Billy Strayhorn redefined jazz with a touch of classical
A versatile composer and pianist Billy Strayhorn was among the most grandiose personalities in American jazz, influencing an entire generation of musicians.
He is best remembered for his long-time collaboration with iconic bandleader Duke Ellington that lasted nearly three decades. Living in New York City most of his life, Strayhorn was actively involved in the civil rights movement and was a personal friend of Martin Luther King Jr.
William Thomas Strayhorn was born in 1915, the fourth of Lillian and James Strayhorn’s nine children in Dayton, Ohio. His family was poor, and four of his siblings died young.
After moving with his mother and siblings to North Carolina as a child, he was living with his grandparents who owned a piano and Victrola record player and introduced him to music. Strayhorn's grandmother taught him to play as soon as he could reach the keys on her upright piano.
Strayhorn pursued piano and composition in private lessons while living in Pittsburgh, Pennsylvania. Rather unconventionally, Strayhorn had more classical training than most jazz musicians of his time after attending Pittsburgh Musical Institute for a year where he studied classical music and played in a jazz band the Madhatters.
In 1938, Strayhorn was introduced to Duke Ellington who asked the young musician to play for him after a Pittsburgh show. Strayhorn played Ellington's hit Sophisticated Lady and reportedly said "Well, Mr. Ellington, this is the way you just played it in concert" before demonstrating that he could mimic Ellington perfectly. Then he said, "Well, this is the way I would play it," showing his own variation. Ellington was impressed enough to offer him a job. "I don't have any position for you," Ellington allegedly said. "You'll do whatever you feel like doing."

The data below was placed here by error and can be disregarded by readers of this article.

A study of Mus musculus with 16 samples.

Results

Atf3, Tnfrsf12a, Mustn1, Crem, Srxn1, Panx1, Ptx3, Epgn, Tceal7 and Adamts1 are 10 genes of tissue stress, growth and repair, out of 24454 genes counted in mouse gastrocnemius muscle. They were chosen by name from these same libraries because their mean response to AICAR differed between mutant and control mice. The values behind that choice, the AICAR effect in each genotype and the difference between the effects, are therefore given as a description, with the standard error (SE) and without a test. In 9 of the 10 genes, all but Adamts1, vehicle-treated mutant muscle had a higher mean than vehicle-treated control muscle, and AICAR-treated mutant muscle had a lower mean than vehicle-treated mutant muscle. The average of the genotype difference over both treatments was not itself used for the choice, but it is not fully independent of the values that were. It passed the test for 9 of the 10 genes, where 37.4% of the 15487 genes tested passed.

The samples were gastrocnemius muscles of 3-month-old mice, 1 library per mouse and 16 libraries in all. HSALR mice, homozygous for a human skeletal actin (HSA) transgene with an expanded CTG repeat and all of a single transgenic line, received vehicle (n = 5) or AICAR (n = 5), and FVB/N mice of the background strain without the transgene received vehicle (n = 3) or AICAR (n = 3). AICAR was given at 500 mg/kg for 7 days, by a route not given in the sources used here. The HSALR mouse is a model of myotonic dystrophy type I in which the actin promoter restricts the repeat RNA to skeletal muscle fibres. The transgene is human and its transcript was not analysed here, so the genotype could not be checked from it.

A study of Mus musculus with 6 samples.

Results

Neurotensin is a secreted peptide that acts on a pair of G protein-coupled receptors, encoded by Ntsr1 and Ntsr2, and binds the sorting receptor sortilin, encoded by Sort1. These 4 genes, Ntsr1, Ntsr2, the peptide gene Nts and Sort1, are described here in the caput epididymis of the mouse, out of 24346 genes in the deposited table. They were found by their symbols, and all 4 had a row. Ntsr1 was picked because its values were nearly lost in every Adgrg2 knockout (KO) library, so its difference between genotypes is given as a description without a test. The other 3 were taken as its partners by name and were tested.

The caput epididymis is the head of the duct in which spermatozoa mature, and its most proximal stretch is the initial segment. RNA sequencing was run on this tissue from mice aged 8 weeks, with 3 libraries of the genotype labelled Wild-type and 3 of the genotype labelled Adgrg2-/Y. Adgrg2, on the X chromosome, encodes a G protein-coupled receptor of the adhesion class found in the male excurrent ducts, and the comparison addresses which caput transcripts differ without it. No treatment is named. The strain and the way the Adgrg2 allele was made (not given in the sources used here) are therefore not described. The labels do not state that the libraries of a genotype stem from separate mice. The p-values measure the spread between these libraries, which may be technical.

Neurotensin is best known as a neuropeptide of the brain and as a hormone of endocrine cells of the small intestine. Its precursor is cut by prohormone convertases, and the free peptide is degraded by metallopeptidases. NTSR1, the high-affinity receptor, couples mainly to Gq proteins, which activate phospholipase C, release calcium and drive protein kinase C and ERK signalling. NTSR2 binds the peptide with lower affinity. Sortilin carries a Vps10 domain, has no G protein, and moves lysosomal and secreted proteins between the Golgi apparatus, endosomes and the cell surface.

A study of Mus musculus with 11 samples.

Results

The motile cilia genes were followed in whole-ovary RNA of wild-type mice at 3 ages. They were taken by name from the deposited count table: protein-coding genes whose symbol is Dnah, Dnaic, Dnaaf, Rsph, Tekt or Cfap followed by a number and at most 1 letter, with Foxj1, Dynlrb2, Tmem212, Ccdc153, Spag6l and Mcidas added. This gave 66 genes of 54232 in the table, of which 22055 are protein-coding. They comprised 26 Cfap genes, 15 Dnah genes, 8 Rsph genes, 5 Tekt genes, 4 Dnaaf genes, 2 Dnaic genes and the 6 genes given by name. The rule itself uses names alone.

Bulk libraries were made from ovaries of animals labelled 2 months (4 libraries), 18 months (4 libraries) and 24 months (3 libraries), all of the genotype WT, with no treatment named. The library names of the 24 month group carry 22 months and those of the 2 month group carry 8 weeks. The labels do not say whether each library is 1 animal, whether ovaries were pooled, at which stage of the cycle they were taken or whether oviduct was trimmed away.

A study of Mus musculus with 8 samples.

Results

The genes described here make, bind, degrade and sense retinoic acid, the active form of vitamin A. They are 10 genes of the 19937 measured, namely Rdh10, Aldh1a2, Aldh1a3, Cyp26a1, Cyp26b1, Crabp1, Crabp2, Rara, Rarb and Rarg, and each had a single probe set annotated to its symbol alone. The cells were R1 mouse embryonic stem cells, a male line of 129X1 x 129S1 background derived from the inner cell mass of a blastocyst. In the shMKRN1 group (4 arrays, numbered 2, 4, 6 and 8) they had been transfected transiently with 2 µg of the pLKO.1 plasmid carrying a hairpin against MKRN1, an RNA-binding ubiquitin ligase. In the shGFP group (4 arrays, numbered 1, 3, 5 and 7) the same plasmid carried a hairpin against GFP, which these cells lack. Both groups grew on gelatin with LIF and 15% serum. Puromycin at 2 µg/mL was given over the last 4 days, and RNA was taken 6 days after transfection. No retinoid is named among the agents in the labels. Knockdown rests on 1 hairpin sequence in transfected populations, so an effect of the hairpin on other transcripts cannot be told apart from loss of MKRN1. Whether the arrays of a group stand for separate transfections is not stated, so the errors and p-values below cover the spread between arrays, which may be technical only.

In the early 1940s, ASCAP, the music licensing organization, forbade its members from radio broadcasting their songs. This affected Ellington, an ASCAP member who relied on radio broadcasts to sell records. As he was not an ASCAP member, Strayhorn took his big chance to contribute to the Ellington band book with songs such as After All, Chelsea Bridge, and Take the ‘A’ Train. The publishing of Strayhorn’s pieces kept the Ellington orchestra on the air.
Focused on the development of longer and more complex suites, Strayhorn combined his classical piano training and musical theory proficiency to change the jazz music. Beginning in the 1950s, Strayhorn also took on some projects of his own, away from Ellington, including a few solo albums.
Listen to Passion Flower from Strayhorn's The Peaceful Side :
Strayhorn influenced many people that he met and yet remained very modest and unassuming all the while. A close friend of Dr. Martin Luther King, Strayhorn supported the civil rights movement, and in 1963, he arranged and conducted the Ellington Orchestra for the piece King Fit De Battle of Alabam dedicated to Dr. King.
In 1964, Strayhorn was diagnosed with cancer of the esophagus, aggravated by years of smoking and drinking. Shortly after Strayhorn's death in 1967, Ellington recorded one of his finest albums And His Mother Called Him Bill, in memory of his friend.